Drugs to treat diabetes, mostly injectable insulin, have become a $34 billion annual business crowded with manufacturers of relatively similar products. Novo Nordisk wants to stand out from the pack. Following the example of consumer product companies, the Danish drugmaker is betting that it can add product enhancements to basic insulin and command higher prices in wealthier nations. Explains Chief Executive Officer Lars Sørensen, pounding his desk for emphasis: “A country like the U.S. ought to be able to offer people the most modern insulins and not giving them Third World insulins.”
Novo Nordisk, which gets half its $11.1 billion sales from insulin, this year is seeking U.S. and European regulatory approval for its newest treatment, degludec, in a bid to unseat Sanofi’s Lantus as the world’s best-selling diabetes treatment. Sørensen says degludec is “the fundamental part” of a strategy to boost Novo Nordisk’s sales by shifting patients in developed nations from older, cheaper forms of insulin that must be taken just before mealtimes to more expensive chemically altered versions that are absorbed more slowly and act longer.
Degludec’s advantage is that it can be administered at any time, providing diabetes patients with greater flexibility, whereas Lantus must be injected at the same time every day, although not necessarily at mealtimes. Trial results presented at a conference in Lisbon in September showed that degludec works as well as Lantus at controlling blood sugar.
Sanofi CEO Chris Viehbacher is taking the challenge seriously. On a call with analysts in July, Viehbacher said a trial funded by its Danish rival was designed to unfairly favor degludec over Lantus. Sørensen scoffs at the suggestion. “To me it sounded somewhat hollow and a little bit desperate,” the Novo Nordisk chief says. “But of course, it’s their most important product, so I can understand why he might be a little bit desperate.”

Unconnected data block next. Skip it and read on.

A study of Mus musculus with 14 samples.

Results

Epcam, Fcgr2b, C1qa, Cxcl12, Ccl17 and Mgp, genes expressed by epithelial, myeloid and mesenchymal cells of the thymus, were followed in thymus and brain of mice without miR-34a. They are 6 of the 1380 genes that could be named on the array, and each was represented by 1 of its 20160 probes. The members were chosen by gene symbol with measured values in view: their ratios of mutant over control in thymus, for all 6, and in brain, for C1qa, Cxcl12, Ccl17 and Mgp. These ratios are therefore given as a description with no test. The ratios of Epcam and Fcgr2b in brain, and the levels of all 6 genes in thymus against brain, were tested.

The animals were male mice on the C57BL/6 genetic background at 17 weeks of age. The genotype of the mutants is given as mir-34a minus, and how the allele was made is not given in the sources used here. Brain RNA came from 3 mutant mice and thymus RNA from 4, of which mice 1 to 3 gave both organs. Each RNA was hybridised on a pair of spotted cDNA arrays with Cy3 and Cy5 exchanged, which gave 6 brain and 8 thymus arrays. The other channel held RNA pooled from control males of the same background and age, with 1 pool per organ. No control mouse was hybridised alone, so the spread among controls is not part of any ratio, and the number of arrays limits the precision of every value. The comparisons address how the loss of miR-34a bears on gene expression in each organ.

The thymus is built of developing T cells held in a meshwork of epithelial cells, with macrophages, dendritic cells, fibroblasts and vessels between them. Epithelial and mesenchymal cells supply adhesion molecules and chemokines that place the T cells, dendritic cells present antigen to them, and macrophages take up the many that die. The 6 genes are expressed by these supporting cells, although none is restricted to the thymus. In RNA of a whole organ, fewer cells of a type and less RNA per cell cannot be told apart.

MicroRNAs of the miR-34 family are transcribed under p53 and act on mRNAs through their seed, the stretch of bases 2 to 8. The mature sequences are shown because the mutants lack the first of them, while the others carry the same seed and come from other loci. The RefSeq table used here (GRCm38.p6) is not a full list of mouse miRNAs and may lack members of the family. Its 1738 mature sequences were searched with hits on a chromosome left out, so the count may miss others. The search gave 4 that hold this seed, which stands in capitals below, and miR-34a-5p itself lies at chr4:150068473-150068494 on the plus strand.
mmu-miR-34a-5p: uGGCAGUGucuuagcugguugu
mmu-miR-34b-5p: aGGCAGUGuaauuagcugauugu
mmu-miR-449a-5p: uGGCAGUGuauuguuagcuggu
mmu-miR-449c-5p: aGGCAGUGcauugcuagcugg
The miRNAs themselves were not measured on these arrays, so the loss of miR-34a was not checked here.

Diabetes afflicts 366 million people worldwide, killing one every seven seconds and incurring annual health-care costs of $465 billion, according to estimates by the International Diabetes Federation. The disease is caused by a lack of insulin, which the body needs to convert blood sugar into energy. Left untreated, it can lead to kidney damage, blindness, heart problems, and death.
Sales of drugs to treat the ailment grew 12 percent last year, to $34 billion, making them the fourth-biggest therapeutic class by sales worldwide, behind medicines for cancer, cholesterol, and breathing disorders, according to market researcher IMS Health. Because insulin manufacturing has huge up-front costs and relatively narrow margins, it is less likely that generic competitors will scramble to enter the business as patents lapse. Lantus generated sales of €3.5 billion ($4.7 billion) last year, compared with 6.9 billion Danish kroner ($1.3 billion) for Novo’s Levemir, an older insulin that degludec is designed to replace.
Sørensen says Novo Nordisk plans to charge as much as 30 percent more for degludec than Sanofi charges for Lantus. That could be a tough sell. Tim Race, an analyst at Deutsche Bank in London, says the crucial question is whether degludec’s “tiny convenience benefit,” as he puts it, will be enough to convince cost-conscious public and private health insurers to pay so much. “That seems a bit rich, given that their drug is effectively the same as Lantus,” says Race. “In the current health-care environment, if you price at crazy premiums, you’ve got to assume that volume is hampered.” Race expects degludec to be able to only command a price premium of between 10 and 15 percent.
Relatively new insulins have already been targeted in recent studies in Europe as drug categories where national health plans could find meaningful cost savings. Longer-lasting chemically modified products such as Lantus and Novo’s Levemir accounted for 85 percent of total insulin spending by Britain’s National Health Service in 2009, compared with 12 percent in 2000, researchers from Cardiff University in Wales wrote in the British Medical Assn.’s journal, BMJ Open. The authors said the state-run medical system could have saved as much as £625 million ($966 million) over the last decade by steering patients toward older, human insulins that cost less and work just as well.
“Any type of premium pricing is becoming more and more difficult,” says Mark Evans, an endocrinologist who teaches at the University of Cambridge. “If Novo really are going to try to premium-price this, they will have a tough, tough battle” getting insurers to go along.